Posted on July 8, 2020 at 2:23 PM
A recent report reveals that North Korean hackers are involved in web skimming attacks. This is coming after the hacking group deployed the ransomware, carried out ATM cash-outs, and hacked cryptocurrency exchanges and banks.
The report revealed that the North Korean-backed hacking group is infiltrating online stores and inserting malicious code that steals payment card details of buyers when they visit the checkout page to pay with their credit card details.
There has been a massive increase in online purchases as the recent COVID-19 pandemic has forced governments to enforce stay-at-home rules. Those who would normally go out shopping have joined the online buyers. As a result, hackers are taking every opportunity to hack and steal the credit card details of buyers.
The Korean hackers, previously known for their cyber espionage, have now expanded their approach to cybercrime to raise money for the Korean government.
Hackers targeting online stores since last year
In a report published today, Netherlands-based cybersecurity firm SanSec said hackers have been attacking online stores since May last year.
Since the attack began, accessories store chain Claire’s has been the highest-profile victim when it was infiltrated earlier in April and last month.
The attacks on these buyers are referred to as “Magecart attack,” “e-skimming,” or “web skimming,” with the first name representing the first hacking group that first initiated the type of attack.
E-skimming attack is simple
Although web skimming attack requires a level of sophistication and use of technical tools from the hackers, they are simple in nature. The main idea for the hackers is for them to pass through the backend server of a web store, third-party widgets, or associated resources. After gaining access, they will proceed by installing and running malicious code on the store’s frontend.
The code loads only on the checkout page, and quietly logs payment details when they are entered into check out forms. Thereafter, the data is sent to the hackers’ remote server where they retrieve it and sell it on the darknet.
An e-skimming attack generally requires the hacker to operate a large infrastructure that will run collection points or host the malicious code.
According to the report by SanSec, the attackers’ IP address and the domains used in recent e-skimming have been used by a hacking infrastructure previously utilized by the North Korean state-sponsored hacking syndicate.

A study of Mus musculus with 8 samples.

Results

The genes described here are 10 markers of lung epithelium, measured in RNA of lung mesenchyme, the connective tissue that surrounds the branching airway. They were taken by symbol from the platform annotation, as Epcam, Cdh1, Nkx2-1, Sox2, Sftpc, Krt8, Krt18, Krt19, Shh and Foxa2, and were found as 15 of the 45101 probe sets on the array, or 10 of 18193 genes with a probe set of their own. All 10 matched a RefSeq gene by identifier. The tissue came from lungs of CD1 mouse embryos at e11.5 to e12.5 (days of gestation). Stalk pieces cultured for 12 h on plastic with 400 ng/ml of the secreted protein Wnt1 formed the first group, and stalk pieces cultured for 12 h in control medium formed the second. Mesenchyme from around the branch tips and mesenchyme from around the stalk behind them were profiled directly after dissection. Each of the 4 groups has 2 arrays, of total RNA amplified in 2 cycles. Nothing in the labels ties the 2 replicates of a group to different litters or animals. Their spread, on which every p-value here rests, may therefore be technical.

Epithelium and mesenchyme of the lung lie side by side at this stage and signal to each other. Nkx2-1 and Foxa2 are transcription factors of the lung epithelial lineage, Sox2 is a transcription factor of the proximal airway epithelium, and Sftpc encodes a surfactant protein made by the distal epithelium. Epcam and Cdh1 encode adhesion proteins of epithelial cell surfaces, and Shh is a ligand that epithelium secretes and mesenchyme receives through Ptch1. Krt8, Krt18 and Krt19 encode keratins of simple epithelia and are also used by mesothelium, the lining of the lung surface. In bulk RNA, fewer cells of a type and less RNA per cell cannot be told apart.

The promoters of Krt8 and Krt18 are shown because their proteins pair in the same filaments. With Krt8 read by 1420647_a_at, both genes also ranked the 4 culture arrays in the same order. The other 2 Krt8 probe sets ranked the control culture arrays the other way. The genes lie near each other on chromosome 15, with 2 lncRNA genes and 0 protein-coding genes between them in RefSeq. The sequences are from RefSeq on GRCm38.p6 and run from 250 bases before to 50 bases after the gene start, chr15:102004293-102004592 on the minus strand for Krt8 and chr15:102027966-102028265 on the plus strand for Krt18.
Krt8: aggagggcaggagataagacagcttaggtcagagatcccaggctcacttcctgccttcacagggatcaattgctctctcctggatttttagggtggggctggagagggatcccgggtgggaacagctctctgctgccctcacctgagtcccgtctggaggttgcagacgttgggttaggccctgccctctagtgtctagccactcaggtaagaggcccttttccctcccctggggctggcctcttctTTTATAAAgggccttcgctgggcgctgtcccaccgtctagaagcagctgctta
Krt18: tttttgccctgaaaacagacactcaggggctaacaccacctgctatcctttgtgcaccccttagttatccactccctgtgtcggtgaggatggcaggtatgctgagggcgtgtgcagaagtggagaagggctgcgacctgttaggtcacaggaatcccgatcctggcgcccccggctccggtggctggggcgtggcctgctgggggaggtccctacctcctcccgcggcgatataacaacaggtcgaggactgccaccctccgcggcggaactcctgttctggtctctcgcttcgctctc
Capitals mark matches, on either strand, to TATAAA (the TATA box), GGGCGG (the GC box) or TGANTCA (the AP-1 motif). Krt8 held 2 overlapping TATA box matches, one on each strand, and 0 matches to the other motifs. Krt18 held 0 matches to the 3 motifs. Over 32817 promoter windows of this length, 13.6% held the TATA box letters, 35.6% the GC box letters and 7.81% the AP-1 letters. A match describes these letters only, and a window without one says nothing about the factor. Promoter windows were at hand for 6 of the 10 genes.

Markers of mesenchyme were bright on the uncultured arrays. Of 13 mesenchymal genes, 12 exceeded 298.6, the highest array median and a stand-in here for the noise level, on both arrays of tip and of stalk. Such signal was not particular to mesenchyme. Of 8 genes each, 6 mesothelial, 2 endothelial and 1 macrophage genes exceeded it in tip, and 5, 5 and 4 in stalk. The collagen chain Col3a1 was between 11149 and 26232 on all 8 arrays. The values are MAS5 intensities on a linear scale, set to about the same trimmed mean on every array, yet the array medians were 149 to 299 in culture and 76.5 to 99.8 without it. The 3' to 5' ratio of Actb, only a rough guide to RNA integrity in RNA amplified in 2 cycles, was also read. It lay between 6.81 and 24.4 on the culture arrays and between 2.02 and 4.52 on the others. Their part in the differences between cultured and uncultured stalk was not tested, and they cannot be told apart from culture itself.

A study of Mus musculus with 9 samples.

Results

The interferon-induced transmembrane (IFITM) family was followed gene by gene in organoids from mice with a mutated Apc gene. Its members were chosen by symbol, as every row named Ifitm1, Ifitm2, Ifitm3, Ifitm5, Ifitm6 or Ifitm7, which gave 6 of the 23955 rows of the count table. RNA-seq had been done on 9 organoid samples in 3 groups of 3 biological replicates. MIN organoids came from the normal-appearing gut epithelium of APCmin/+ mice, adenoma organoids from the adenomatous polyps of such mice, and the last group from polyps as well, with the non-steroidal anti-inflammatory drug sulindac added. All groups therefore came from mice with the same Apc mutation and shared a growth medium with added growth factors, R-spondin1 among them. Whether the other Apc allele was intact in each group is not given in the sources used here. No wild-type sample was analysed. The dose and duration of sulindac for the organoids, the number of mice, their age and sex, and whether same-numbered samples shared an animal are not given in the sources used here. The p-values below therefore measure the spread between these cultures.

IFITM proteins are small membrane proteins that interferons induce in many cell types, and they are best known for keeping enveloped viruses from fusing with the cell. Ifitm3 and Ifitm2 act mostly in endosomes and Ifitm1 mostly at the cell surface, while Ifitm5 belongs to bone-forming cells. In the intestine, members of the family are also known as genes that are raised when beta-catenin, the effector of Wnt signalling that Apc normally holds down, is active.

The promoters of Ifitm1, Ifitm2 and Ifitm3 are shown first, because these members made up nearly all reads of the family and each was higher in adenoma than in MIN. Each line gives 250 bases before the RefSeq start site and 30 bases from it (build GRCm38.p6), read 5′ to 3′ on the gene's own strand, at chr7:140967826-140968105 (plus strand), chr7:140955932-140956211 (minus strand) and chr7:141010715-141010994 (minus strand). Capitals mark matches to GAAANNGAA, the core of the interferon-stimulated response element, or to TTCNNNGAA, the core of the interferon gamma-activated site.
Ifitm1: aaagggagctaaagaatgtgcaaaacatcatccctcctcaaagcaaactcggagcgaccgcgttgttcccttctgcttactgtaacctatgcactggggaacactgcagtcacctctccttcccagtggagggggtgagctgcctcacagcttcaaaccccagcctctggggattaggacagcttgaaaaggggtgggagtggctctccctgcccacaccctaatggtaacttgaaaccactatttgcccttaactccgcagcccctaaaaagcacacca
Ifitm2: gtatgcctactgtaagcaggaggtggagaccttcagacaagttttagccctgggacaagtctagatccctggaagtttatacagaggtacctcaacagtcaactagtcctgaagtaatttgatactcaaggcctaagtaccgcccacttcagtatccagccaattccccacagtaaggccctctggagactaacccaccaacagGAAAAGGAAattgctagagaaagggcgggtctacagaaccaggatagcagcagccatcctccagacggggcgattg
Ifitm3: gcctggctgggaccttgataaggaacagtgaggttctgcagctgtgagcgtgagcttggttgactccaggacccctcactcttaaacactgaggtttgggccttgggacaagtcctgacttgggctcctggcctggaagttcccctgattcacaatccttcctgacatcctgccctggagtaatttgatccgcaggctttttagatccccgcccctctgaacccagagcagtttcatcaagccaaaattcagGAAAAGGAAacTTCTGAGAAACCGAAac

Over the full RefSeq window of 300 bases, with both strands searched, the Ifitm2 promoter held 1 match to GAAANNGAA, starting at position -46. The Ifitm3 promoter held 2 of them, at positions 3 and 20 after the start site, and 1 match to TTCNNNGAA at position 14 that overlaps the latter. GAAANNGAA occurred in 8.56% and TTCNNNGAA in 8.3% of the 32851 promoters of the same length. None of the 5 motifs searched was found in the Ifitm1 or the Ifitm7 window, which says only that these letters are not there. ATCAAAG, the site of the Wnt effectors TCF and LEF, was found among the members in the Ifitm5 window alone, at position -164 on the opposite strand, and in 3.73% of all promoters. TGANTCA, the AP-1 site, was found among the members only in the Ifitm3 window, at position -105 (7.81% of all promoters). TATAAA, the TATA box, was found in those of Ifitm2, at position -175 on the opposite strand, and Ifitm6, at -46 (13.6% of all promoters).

Hackers have affiliations with the Lazarus Group
Willem de Groot, SanSec founder, there is strong evidence that the hacking incidents were orchestrated by the notorious Lazarus Group (also known as Hidden Cobra).
Groot said it’s not clear how the hackers were able to gain access to steal the card details.
“How HIDDEN COBRA got access is yet unknown, but attackers often use spearphishing attacks to obtain the passwords of retail staff,” he pointed out.
Increased cybercrime from North Korean hackers
According to the findings by SanSec, the North Korean hackers are dabbling into cybercrime, unlike other state-sponsored hacking groups who engage only in cyber espionage. The security firm reported that apart from engaging in cyber espionage, the North Korean hackers also try to steal information they can sell to raise money for the country’s crippling economy.
The severe sanction international bodies placed on the country is affecting them financially. As a result, the hacking group is also engaged in cybercrime to raise funds for its government.
North Korean Hackers involved in series of hacking campaigns
Pyongyang’s hackers have been involved in cyberattacks on several banks all over the world. They have also been linked with ATM cash-outs and ATM heists, as well as the infiltration of cryptocurrency exchanges.
Additionally, they have been discovered planning COVID-19 based phishing campaigns. They also buy commodity malware from the darknet to use in launching attacks on different organizations.
Also, they have been accused of the creation of the infamous WannaCry ransomware in 2017, which affected many companies in the IT industry all over the world.
Experts and several authorities said the WannaCy was a failed attempt to launch a ransomware strain that would be used in stealing money for the Pyongyang regime.
The recent web skimming exercise by the North Korean group is not coming as a surprise to anyone, knowing the history of the group as they have expanded towards any cybercrime that can yield some financial gains.